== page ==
The Ubiquitous Cindy Sheehan
She isn’t a mourning mother as much as a hatemongering ideologue. She doesn’t oppose the war as much as she opposes George W. Bush in particular and Republicans in general. A recent column written by anti-war caricature Cindy Sheehan reads like Michael Moore’s talking points:
If Casey had not been killed in Iraq in George’s imperialistic war for power and wealth, I wouldn’t be on this path.
I hope we can look toward this with the expectation that the Democrats will finally unite against the immoral occupation of Iraq that has put an empty place at the holiday tables of over 2100 American families.
I can also hope against hope that the war criminals in power that advocate and condone torture and use the same chemical weapons against innocent Iraqis that they hypocritically accused Saddam of using against his own people [breathe…] will finally have to resign in disgrace before a mostly complicit Congress has to impeach them. After George and Co. resign in shame, someone needs to haul them off to The Hague for war crimes trials.
I am especially thankful for the inspiration that led me to Crawford in August to confront the criminal on his own turf. I am thankful to George, who very predictably did not meet with me and so sparked the Camp Casey Peace movement.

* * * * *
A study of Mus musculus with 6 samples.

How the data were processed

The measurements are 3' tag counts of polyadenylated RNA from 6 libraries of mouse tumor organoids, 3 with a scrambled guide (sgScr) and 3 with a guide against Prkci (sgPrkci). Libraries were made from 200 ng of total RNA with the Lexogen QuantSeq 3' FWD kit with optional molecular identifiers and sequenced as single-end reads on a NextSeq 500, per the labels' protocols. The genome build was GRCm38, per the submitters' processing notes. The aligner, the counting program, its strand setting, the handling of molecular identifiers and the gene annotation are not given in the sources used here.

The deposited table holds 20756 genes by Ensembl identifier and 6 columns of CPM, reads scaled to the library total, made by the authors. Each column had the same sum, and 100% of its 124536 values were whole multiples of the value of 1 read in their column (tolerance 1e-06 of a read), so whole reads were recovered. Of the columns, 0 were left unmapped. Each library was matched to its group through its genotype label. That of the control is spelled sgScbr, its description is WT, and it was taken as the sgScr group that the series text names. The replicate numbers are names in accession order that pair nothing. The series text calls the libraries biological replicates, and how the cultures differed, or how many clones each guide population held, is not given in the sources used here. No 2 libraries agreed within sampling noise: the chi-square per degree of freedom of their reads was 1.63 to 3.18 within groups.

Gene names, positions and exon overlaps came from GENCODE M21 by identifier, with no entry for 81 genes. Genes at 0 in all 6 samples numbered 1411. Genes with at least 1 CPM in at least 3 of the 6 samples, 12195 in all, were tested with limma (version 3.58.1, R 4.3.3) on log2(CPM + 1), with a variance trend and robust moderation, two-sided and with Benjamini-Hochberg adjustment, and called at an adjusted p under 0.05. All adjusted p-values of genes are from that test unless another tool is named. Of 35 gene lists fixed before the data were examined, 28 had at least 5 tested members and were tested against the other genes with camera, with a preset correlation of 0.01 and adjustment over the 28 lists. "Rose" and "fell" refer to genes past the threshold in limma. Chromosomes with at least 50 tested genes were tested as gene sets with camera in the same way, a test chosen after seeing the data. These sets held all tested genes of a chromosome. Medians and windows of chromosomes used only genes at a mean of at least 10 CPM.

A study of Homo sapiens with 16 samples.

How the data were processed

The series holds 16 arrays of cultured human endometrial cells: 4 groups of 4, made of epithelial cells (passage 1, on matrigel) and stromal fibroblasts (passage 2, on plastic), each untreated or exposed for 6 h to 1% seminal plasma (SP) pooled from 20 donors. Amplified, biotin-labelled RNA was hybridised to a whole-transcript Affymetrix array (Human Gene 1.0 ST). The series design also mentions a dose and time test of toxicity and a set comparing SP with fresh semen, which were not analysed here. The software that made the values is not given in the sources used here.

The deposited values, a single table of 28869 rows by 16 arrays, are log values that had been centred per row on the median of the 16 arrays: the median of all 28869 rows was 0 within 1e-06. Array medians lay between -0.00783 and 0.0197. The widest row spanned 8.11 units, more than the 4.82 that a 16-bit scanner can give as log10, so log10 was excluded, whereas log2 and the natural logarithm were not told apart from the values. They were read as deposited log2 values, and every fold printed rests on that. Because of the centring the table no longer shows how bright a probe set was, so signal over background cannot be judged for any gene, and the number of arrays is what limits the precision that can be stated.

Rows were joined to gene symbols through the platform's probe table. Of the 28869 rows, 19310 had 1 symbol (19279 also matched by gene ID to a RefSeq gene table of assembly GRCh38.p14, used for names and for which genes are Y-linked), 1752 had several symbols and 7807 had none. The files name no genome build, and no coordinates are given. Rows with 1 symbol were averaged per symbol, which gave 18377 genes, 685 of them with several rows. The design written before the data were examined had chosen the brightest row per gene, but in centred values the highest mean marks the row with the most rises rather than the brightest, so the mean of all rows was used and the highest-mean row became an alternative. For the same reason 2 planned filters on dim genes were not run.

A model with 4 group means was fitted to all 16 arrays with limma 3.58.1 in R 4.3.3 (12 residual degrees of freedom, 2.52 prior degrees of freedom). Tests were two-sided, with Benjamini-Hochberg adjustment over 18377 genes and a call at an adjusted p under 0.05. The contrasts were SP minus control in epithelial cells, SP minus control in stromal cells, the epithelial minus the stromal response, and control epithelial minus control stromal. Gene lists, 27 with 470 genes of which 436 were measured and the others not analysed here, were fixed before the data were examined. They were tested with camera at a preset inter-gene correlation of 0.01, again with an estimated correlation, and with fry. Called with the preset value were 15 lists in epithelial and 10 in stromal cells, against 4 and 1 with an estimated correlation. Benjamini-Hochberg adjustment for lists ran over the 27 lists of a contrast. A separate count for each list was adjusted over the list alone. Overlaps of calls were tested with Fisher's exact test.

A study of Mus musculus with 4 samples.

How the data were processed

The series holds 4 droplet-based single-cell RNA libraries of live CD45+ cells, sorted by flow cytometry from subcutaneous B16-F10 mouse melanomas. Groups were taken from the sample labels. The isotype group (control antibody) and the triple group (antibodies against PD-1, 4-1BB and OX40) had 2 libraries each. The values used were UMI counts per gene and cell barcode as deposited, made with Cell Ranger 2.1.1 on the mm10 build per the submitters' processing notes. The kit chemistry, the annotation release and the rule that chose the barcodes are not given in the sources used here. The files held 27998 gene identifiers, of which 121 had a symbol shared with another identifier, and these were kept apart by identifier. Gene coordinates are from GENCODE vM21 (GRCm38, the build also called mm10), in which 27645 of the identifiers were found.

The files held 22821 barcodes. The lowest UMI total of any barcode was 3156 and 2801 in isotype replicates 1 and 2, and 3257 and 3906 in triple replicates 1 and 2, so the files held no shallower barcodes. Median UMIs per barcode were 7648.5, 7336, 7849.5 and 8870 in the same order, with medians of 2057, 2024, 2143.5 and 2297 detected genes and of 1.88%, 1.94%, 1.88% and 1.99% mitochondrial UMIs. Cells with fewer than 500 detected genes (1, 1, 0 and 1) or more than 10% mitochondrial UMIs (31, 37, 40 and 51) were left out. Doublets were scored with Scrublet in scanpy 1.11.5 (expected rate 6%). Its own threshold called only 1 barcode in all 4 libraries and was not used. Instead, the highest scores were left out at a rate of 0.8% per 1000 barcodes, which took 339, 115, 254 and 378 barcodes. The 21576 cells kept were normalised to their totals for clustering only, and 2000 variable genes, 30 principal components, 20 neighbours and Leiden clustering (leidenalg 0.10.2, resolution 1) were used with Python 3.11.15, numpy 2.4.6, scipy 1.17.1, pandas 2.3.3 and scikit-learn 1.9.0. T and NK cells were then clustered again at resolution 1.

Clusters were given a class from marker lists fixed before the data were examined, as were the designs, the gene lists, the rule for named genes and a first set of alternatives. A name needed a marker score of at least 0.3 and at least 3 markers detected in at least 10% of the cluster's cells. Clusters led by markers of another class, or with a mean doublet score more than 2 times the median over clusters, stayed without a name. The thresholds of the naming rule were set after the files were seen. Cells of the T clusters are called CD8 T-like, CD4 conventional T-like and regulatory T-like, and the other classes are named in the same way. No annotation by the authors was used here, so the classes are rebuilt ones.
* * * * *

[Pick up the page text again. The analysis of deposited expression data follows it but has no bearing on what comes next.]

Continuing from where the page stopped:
This administration full of neocon crooks has ruined the holidays for so many people worldwide.
What readers should remember is that, contrary to her claims today, Cindy hated Bush and opposed military action in Iraq before she had an inkling that her son might become involved. Her son knew about her viewsand he told her he disagreed with them. Army Spc. Casey Sheehan, who died on April 4, 2004, in Baghdad, Iraq, when his unit was attacked with rocket-propelled grenades and small arms fire, believed in the war. His belief was so strong that he re-enlisted during wartime and volunteered to be deployed to Iraq. Cindy, who despite her claims was already against the war, tried to talk Casey out of going, but he made up his own mind as mature people do. Then, in a final act of defiance, he volunteered for the dangerous mission in which he lost his life. Casey Sheehan died in a war he believed in. No wonder his mother is angry, so angry that she is getting back at him for his defiance by turning him in death into what he refused to be in life: an anti-war prop.
This is why when Cindy mentions her son, she never mentions his opinions about the war, much less opine about what he might think of her using his name to oppose it. She talks about what she thinks, what she wants. That’s an understandable reaction of a grieving mother, her prerogative as a person, and her constitutional right as an American. But it would be nice if she demonstrated enough respect for her dead son to stop using his name to further an agenda she knows he didn’t support.